There is no real-Buddhism but rather a gigantic tradition, a great Dharma Mountain with many meandering footpaths, refuges, and activities on its slopes. This ‘Great Dharma Mountain’ includes everything and also its opposite and yet remains one single Mountain. In fact, there were 84,000 paths taught by the Buddha 2,500 years ago and many more discovered since – many paths, one Mountain.
|Celestial Buddha, Amitabul, in the Pure Land Heaven|
Almost every Buddhist will tell you what Buddhism is ‘really‘ but this tells more about the likes and dislikes of the author than Buddhism. Buddhists will often insist on which beliefs and practices should be accepted and which ones disguarded and not surprisingly their favourite bits are the parts they emphasise while the others aspects, they maintain, should be discarded (how fortunate it’s not the other way round). The truth, however, is that there is a huge variety of practices and beliefs that are included in Buddhism just like there are many ways to skin a cat or many paths to climb a mountain.
There are certain strands that one can identify within the tradition but none are quintessentially Buddhist. Even the famous ‘no-self’ (anattā) which despite being a constant strand and sometimes said to be the defining feature of Buddhism it has still caused heated debate down the centuries and some sutras such as the Nirvana sutra go as far as saying:
“in truth there is the Self [ātman] in all dharmas
[phenomena]” and “The Self (ātman) is reality (tattva), the Self
is permanent (nitya), …the Self is eternal (śāśvatā), the Self
is stable (dhruva), the Self is peace (siva).”
Furthermore, other parts of the tradition argue that ‘no-self’ is to be understood as a sceptical teaching where one frees oneself from attachment to all metaphysical views and both ‘self’ and ‘no-self’ are views one must overcome.
Within the Buddhist tradition you find every kind of idea presented and also its opposite. As already mentioned you find diverse ideas such as ‘no-self’, its opposite ‘eternal-self’ and its counterpart ‘no-views’. You find atomic realism (eg, Sarvastivada) and all kind of opposites such all reality being the creation of Mind (eg, Yogacara) or an illusion (eg, Avatamsaka) and many other teachings besides.
Some believe that Buddhism denies gods (eg, much of the Western school) while others
pray daily to celestial Buddha’s and Bodhisattvas (eg, Pure Land Buddhists) and even talk of God (eg, some Zennists) . Some strains will teach that Buddhism has been revealed by Buddha and passed on in its almost perfect form (eg, Southern Buddhists) while others think that the teachings are not to be taken literally but discovered for oneself (eg, Zen). Others insist Buddha was a political liberal who was interested in reforming society while rivals claim he renounced society and politics altogether. In the Mahayana ‘emptiness’ (sunyata) is sometimes claimed to be fundamental but that would mean that nobody understood ‘real’ Buddhism until hundreds of years after the death of the Buddha including the Buddha’s own disciples.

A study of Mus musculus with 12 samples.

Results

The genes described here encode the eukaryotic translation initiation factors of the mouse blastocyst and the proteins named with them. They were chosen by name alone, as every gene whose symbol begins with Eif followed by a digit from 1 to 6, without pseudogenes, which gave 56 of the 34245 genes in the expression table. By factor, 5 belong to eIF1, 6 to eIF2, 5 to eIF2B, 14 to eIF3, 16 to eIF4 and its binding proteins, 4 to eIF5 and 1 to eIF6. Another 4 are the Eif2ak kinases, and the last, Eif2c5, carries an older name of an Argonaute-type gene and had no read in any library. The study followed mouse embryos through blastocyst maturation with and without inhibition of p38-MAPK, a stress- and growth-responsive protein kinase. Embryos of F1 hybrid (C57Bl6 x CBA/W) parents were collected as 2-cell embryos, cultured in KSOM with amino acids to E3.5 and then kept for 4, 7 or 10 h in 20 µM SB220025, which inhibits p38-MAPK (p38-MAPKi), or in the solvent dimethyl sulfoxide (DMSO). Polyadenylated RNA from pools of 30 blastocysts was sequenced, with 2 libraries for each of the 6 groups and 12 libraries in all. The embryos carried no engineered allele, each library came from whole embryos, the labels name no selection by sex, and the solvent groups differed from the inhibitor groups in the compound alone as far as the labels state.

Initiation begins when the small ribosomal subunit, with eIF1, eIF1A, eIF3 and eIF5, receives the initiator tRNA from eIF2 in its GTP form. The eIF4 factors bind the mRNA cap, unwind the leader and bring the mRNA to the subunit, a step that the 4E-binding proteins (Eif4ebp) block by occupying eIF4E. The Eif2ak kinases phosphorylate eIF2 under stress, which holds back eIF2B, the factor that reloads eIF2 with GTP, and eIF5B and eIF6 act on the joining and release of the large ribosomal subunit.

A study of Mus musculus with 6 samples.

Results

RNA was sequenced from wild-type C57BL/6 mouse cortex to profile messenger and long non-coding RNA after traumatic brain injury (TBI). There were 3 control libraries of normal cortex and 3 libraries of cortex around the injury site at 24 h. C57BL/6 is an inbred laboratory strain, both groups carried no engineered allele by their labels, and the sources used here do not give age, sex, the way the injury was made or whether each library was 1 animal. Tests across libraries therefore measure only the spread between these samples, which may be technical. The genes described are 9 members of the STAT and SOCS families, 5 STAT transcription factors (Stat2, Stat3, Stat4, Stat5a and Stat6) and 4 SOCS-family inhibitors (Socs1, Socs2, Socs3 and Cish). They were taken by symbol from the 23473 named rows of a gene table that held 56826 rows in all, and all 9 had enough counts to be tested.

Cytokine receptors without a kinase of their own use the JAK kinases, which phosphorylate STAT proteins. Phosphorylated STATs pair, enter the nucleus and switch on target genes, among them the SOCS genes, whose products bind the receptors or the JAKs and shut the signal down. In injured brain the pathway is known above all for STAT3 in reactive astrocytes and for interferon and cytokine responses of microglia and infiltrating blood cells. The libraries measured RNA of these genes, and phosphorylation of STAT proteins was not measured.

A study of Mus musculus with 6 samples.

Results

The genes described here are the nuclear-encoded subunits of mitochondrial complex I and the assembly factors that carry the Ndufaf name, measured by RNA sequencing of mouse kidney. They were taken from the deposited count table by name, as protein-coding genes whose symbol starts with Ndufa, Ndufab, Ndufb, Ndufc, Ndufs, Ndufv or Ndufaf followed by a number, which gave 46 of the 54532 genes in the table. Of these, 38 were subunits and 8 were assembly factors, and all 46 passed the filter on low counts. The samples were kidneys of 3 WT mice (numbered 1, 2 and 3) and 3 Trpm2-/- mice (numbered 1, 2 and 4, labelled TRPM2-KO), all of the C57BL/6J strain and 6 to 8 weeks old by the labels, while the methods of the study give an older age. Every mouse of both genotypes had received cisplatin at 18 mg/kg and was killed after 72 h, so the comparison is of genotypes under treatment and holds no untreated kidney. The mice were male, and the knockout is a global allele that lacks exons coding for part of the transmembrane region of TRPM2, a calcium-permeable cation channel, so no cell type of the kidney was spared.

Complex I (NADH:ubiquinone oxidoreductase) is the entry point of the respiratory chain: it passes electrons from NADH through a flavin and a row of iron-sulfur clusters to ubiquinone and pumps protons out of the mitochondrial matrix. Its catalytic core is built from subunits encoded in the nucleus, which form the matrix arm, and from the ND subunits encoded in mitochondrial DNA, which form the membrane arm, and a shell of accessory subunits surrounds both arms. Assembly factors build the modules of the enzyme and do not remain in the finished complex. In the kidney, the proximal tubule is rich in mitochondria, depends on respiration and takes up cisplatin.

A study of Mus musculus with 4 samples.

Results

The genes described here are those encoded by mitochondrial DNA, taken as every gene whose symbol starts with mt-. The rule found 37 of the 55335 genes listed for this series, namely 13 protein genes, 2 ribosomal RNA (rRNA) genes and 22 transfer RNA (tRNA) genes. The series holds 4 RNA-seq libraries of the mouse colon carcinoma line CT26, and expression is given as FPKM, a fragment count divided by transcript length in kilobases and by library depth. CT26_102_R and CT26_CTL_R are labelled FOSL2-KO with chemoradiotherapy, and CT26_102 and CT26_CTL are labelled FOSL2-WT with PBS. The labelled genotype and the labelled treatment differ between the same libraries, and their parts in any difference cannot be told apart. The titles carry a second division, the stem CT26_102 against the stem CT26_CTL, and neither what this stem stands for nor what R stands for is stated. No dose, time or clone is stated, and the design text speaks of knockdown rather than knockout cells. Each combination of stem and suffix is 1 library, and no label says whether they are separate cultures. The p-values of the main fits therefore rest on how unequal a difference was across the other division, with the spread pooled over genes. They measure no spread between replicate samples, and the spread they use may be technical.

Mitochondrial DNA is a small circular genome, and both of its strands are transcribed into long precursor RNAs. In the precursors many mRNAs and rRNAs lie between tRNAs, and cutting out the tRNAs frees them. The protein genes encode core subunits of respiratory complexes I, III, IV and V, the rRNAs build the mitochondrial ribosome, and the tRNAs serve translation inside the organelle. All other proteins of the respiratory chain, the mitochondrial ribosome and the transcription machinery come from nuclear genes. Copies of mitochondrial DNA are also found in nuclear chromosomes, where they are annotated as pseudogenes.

In fact, the Venerable Ananda said in the Pali-cannon that there were 84,000 teachings he knew of (Theragatha 17.3 (vv. 1024-29)) which indicates the shear magnitude of teachings given while the historical Buddha was still alive which have magnified beyond measure through the teachings of enlightened masters since then.
It is safe therefore to conclude then that when anyone tells you that Buddhism is X,Y and Z or Buddha was ‘like this’ or ‘like that’ then they are talking about a single strand (or several strands) of the Buddhist tradition and are excluding the rest based on their own preferences. No presentation of Buddhism or the Buddha can possibly encapsulate the whole variety of ideas, stories and practices. Alarm bells should ring whenever anyone claims that they have discovered the correct strand of this huge tradition whilst the rest is an unnecessary add-on or mistake. Claims of this type are reflections of the mental state of the author and tells you little about what Buddhism is actually like. There is not one ‘true Buddhist tradition’ any-more than there is one ‘true-tree’ on a mountain. To deny the other beliefs and practices is committing the ‘no-true-Scotsman fallacy’.
The only strands that run undisputed through the whole tradition is a certain ethical code
|Buddha in meditation|
and the practice of mediation but even here different schools highlight some methods and practices and downplay or deny others. And even in mediation there are different understandings about the same practices leading to endless confusion and debate. There is not even agreement about the goal of meditation and different schools, teachers and sutras give a variety of ideas and interpretations about ‘enlightenment’ such as overcoming life and death (eg, Southern school), realising Buddhahood (eg, Eastern schools) or seeing the world as it really is (eg, many Western Buddhists).
To conclude then: there is no one ‘true-Buddhism’ to be separated from a ‘wrong-way’ but rather a Great Dharma Mountain of endless teachings. So let us enjoy the journey up the Mountain and I’ll race you to the top by whatever way you choose to travel.